POLITICIANS in the New Forest have kicked off their campaigns for the local elections on 2nd May.
When voters go to the polls in just over a month they will choose who represents them on the district as well as town and parish councils.
The Conservatives are defending a huge majority on the 60-seat New Forest District Council where they currently have 56 members against two Liberal Democrats and one Independent. One seat is unfilled after the death of Cllr Brian Lucas last year.
The Tories also control the bigger town councils including Lymington and Pennington, New Milton, Ringwood, and Totton and Eling. Parish councils are usually non-political.
The party’s local manifesto pledged to build 100 extra council houses over the next four years, and invest in a mobile CCTV security system.
It also promised to support local business, keep council tax “as low as possible”, maintain frontline services and work with local partners to keep the streets “safe and clean”.
Tory leader Cllr Barry Rickman told the A&T his party would be campaigning on a record of “sound financial management” – but admitted its chances might be harmed by the turbulence in Westminster caused by the Brexit negotiations.
“I think it may have an effect and I am sorry about that because our councillors have worked hard for the communities of the New Forest,” he said.
“We have balanced the book for the next four years and not many councils can say that. It’s important for me because it gives our staff a sound base.”
The opposition New Forest Liberal Democrats launched their 12-point manifesto outside the former police station in Jones Lane, Hythe – where retirement developer McCarthy and Stone has launched an appeal to build 35 flats.
Lib Dem leader Cllr David Harrison said: “We decided not to launch our manifesto in some remote posh hotel, but to do it in the heart of a community at a location which inspires thought and discussion about community safety issues and housing provision.”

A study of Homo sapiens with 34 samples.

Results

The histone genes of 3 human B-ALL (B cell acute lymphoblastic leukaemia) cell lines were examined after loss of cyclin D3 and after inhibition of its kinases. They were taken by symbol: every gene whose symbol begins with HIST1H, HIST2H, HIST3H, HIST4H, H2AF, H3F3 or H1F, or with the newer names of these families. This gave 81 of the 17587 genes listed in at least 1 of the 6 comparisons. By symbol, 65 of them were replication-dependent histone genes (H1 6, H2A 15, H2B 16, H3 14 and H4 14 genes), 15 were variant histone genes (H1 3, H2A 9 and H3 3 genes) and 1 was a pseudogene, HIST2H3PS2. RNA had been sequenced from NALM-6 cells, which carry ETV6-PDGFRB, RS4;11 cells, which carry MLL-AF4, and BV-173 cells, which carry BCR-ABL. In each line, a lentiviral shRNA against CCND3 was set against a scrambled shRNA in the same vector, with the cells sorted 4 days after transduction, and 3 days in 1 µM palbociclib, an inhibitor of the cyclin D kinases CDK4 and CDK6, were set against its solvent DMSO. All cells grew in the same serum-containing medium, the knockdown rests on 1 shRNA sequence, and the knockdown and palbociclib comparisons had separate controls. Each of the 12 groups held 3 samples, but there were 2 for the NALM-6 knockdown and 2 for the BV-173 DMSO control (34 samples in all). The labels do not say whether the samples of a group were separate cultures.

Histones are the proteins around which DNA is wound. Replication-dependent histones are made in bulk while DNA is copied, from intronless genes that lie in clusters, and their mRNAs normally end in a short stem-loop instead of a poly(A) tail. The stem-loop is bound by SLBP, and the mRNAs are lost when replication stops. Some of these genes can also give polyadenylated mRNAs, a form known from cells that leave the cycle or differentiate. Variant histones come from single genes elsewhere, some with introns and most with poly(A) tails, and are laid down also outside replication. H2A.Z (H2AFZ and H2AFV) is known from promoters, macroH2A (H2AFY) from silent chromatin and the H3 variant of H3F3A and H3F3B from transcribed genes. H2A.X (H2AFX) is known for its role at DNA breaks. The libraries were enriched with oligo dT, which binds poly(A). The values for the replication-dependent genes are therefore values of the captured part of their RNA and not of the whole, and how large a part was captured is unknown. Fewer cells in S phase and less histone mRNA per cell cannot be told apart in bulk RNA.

The Lib Dems’ policies include boosting the police, limiting council tax rises to inflation, cutting the number of district councillors by 15, and opposing any attempt by ABP to develop Dibden Bay.
They also want discounted bus travel for younger people, improved recycling rates, a new country park in the district, more affordable homes, and an expansion of the off-road cycle network.
Labour kicked off its election campaign in the New Forest on Saturday morning with protests against the “privatisation” of the district’s five public leisure centres, which the Conservative administration wants managed by an outside organisation to save money.
Party activists demonstrated outside the centres in Lymington, New Milton, Ringwood, Applemore and Totton.
Nominations for district and town/parish elections must be submitted by hand to NFDC, which is running the poll, by 4pm on Wednesday 3rd April.
Voters not on the electoral roll have until Friday 12th April to make sure they are added. The deadline for postal vote applications is 5pm on Monday 15th April and for proxy votes it is 5pm on Wednesday 24th April.
To find out more go to www.newforest.gov.uk/electoralservices.
IN CHRISTCHURCH, Labour was first out of the traps to be the only party with a public launch of its local election campaign.
The poll will be the first for the Bournemouth, Christchurch and Poole Council, which will come into existence on Monday after the controversial merger of the three previously separate authorities.
Labour launched its local manifesto, which the party said had been compiled from data collected from months of knocking on doors and talking with local residents.
The candidates are: Christchurch Town: Bob Hope and David Munnik; Commons: Pete Stokes and Antoinette Pearce; Burton & Grange: Claire Wade and Andrew Dunne; Mudeford, Stanpit and West Highcliffe: Jill Hope and Will Deans; Highcliffe and Walkford: Kathryn Boniface and Roger Boniface.